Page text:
All too often, we decide to do things based on push factors, but it’s our pull factors that keep us going when the new devils who accompany the new levels show up.
Reasons to do something fall within two broad buckets: push factors and pull factors.
Push factors are things you want to avoid. Commutes, arguments, pointless meetings, bad health, and debt are common examples of push factors.
Pull factors are things you want to gain, be, or do. Rich experiences, quality time with people you want to spend it with, meaningful work, and worry-free wealth are examples of pull factors.
A common challenge is that we tend to make our decisions based on push factors more than pull factors. All too often, pull factors are aspirational futures we either haven’t experienced or discount, whereas push factors are very present to us. Between choosing between what we might like and what we know we don’t, the latter wins.
When I’m working with people on visioning and goal-setting, I always insist that we illuminate and anchor pull factors and get clear on why they matter. Anchoring pull factors helps us stick with the project and work since, inevitably, we’ll exchange one push factor for another. If we’re only focused on exchanging devils, when it’s “new level, new devil” time, it’s harder to remember how that new level gets us closer to what’s pulling us.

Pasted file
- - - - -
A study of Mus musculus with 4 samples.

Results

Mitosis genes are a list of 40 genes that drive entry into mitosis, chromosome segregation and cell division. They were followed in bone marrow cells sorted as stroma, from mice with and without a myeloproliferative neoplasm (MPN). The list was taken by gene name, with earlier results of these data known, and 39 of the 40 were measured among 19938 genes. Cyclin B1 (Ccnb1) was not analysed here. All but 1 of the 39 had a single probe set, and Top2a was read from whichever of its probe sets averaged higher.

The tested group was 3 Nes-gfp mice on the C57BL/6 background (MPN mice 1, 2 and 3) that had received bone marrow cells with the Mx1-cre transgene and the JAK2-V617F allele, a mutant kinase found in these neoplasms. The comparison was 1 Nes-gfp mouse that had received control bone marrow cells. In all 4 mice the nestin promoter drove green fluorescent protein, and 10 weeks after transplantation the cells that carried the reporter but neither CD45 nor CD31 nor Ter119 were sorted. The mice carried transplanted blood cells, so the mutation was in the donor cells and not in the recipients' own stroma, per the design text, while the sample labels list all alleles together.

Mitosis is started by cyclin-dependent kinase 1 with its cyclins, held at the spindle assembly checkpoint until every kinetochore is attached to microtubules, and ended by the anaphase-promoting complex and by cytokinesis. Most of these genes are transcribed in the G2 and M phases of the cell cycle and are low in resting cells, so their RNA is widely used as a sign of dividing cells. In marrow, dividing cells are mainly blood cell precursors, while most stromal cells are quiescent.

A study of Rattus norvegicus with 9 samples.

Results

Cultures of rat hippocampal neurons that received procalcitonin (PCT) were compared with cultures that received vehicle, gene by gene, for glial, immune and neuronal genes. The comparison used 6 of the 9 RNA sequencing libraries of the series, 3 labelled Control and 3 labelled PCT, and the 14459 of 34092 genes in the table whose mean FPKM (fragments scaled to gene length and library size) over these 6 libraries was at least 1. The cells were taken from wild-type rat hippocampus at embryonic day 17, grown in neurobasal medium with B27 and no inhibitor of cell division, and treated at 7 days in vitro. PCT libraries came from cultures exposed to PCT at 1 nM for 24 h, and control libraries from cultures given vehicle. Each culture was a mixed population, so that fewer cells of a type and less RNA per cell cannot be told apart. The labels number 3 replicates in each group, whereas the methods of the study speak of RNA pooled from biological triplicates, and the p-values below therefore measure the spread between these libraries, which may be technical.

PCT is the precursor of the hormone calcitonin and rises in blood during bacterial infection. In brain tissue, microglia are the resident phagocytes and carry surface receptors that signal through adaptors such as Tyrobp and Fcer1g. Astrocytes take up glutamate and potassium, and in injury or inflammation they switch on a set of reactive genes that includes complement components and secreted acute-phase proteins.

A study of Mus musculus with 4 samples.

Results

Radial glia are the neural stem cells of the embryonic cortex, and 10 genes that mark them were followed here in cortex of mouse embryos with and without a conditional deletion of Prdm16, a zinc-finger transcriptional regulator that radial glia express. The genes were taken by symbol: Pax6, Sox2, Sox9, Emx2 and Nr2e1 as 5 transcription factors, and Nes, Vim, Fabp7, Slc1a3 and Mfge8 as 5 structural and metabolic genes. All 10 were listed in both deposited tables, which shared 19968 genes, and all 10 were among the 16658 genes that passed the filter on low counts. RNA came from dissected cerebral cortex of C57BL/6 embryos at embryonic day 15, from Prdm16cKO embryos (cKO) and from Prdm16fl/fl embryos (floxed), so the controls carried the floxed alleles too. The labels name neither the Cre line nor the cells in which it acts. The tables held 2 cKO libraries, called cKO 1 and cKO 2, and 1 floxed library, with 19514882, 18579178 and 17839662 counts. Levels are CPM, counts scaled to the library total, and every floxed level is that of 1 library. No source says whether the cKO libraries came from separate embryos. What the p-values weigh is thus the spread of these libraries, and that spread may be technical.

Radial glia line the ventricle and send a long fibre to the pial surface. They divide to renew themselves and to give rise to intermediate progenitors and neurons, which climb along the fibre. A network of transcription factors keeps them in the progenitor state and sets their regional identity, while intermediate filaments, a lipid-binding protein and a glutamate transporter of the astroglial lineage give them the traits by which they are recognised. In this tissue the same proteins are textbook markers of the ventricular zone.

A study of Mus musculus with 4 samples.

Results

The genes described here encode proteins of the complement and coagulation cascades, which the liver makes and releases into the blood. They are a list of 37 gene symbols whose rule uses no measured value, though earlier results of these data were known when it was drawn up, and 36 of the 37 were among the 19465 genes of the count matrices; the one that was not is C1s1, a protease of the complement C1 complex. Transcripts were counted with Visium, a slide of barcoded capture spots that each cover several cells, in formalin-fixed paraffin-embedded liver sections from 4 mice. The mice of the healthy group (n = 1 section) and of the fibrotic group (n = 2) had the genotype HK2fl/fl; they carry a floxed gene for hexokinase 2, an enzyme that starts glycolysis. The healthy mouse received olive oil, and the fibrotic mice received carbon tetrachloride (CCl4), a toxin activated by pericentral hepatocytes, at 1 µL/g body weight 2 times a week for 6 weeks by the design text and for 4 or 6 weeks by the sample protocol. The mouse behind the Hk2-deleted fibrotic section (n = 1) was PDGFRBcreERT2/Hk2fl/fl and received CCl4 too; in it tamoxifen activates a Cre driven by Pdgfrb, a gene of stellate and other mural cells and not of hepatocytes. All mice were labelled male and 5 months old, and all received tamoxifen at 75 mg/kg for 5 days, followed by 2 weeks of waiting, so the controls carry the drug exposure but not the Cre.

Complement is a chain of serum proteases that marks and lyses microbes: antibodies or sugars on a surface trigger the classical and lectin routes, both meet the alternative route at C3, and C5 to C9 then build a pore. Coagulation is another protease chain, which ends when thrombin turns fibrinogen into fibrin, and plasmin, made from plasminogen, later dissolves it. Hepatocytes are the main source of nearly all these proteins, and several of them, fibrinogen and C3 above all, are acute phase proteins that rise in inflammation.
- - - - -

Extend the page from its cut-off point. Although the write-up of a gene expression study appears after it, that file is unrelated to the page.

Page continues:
If there are no or few pull factors, I’ll invert it and ask what the likely push factors will be once the work or project is done. The goal of this exercise is to check to see whether myopia or novelty are merely what’s driving the change, and if it’s either, they have different approaches. Too many people blow good things up because they’re bored or tired, when what they really need is a change of scenery, a break, or to delegate better.
Try it: this week, journal or bullet out the push and pull factors driving this week’s decision-making and projects.